It’s lonely at the top, but it’s not boring. You get bombarded with information from all directions. Everybody is trying to influence you. As a strategic advisor, a big part of my job is to help CEOs get rid of the background noise, look at the critical issues in bright light and make actionable decisions. In just about every case, my client knows the right answer, but noise gets in the way. I help fix that.
A few years ago, I was talking to a prominent CEO who was telling me about some important opportunities that were being missed. As he told story after story, it became clear that two members of his leadership team were not effective. The only solution was to replace these two individuals with real leaders. As we finished the discussion, he thanked me profusely for helping solve a difficult problem the answer to which suddenly seemed so obvious. I chuckled to myself. He knew the right answer all along but needed my objective advice and perspective to recognize it in a way that allowed him to act.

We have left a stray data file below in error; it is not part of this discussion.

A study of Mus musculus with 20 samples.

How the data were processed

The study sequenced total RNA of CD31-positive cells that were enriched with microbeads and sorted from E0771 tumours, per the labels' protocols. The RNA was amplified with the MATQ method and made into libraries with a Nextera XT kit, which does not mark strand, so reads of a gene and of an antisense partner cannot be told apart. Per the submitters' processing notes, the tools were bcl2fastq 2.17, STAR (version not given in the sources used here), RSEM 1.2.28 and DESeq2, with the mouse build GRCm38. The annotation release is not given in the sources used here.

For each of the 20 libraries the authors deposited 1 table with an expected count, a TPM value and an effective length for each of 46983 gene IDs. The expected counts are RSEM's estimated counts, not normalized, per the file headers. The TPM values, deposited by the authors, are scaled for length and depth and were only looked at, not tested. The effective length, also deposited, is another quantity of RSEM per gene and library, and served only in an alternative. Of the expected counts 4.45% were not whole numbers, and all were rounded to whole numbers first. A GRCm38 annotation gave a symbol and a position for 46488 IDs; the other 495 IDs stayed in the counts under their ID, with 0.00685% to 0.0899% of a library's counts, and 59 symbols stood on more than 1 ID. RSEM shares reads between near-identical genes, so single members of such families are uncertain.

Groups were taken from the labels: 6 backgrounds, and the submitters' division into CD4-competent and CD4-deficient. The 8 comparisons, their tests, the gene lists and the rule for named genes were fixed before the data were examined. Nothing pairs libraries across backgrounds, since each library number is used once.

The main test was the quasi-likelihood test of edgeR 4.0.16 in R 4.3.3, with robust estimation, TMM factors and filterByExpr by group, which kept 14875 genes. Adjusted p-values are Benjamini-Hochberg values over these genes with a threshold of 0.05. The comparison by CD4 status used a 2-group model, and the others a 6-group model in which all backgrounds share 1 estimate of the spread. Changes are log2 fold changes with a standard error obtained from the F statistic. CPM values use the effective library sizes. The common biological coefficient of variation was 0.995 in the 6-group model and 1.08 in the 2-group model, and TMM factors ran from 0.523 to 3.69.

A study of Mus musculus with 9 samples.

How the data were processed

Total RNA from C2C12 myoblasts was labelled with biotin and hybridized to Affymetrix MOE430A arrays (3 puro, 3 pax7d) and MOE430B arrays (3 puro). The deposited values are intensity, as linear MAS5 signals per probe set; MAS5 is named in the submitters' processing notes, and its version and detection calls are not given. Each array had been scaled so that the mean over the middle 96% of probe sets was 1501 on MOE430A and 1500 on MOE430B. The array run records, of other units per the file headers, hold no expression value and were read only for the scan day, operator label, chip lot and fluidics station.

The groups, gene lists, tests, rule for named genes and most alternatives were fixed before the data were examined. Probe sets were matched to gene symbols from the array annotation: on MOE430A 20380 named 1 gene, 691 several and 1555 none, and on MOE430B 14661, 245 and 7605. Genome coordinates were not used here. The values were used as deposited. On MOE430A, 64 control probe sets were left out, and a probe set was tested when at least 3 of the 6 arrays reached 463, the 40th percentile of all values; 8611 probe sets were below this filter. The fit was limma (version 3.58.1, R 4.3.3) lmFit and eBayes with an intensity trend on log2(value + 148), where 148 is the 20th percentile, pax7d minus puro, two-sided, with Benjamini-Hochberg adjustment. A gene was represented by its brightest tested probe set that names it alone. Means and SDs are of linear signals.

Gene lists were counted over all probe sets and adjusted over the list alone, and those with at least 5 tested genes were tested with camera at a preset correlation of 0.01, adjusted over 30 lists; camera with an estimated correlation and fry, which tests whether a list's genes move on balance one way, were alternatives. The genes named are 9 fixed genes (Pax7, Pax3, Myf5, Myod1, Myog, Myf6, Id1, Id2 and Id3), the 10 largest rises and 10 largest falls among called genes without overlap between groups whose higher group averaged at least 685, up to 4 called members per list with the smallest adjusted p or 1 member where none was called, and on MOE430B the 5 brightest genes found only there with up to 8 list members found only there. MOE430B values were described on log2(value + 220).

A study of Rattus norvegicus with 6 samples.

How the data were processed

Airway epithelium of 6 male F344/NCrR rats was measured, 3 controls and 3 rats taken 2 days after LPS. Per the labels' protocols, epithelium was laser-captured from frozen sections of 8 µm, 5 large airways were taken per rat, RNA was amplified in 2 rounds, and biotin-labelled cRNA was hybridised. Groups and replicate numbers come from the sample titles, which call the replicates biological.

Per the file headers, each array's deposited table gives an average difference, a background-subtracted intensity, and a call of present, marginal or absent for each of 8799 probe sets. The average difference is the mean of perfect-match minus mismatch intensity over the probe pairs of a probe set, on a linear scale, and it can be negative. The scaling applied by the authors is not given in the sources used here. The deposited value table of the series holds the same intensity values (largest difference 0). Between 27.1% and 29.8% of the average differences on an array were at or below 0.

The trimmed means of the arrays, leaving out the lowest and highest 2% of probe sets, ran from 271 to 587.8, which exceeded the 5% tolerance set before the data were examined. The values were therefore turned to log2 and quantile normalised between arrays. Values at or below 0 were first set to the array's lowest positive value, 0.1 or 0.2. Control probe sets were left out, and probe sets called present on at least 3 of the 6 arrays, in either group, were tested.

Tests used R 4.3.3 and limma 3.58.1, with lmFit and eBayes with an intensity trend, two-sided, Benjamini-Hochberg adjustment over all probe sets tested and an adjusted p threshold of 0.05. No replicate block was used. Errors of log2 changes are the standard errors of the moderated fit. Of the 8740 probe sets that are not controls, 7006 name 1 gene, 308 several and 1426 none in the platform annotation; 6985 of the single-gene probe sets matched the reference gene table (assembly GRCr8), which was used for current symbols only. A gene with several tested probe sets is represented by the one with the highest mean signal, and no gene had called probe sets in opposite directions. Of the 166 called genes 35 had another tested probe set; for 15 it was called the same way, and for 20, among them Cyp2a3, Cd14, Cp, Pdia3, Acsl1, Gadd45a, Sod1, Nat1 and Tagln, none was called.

Recently, I was meeting with a CEO who was trying to sort among different priorities. His company was looking at several exciting new opportunities and he wasn’t sure how to prioritize between these opportunities and existing business demands. As we talked, it immediately became obvious which areas of the existing business were losing importance and therefore should be run tightly for current financial return and which still had future growth potential. We also were able to assess the relative potential of these existing growth opportunities and future ones. Quickly, with my help, he assembled a set of guiding principles to discuss with his leadership team and then the Board. I had given him no fresh data, just a few powerful analogies and the freedom to filter out distractions and make real progress.
Maybe it’s not so lonely at the top after all. Rather, it’s just blurry from a cacophony of information. My job is to help create a simple symphony allowing my clients to hear clear notes and act on them.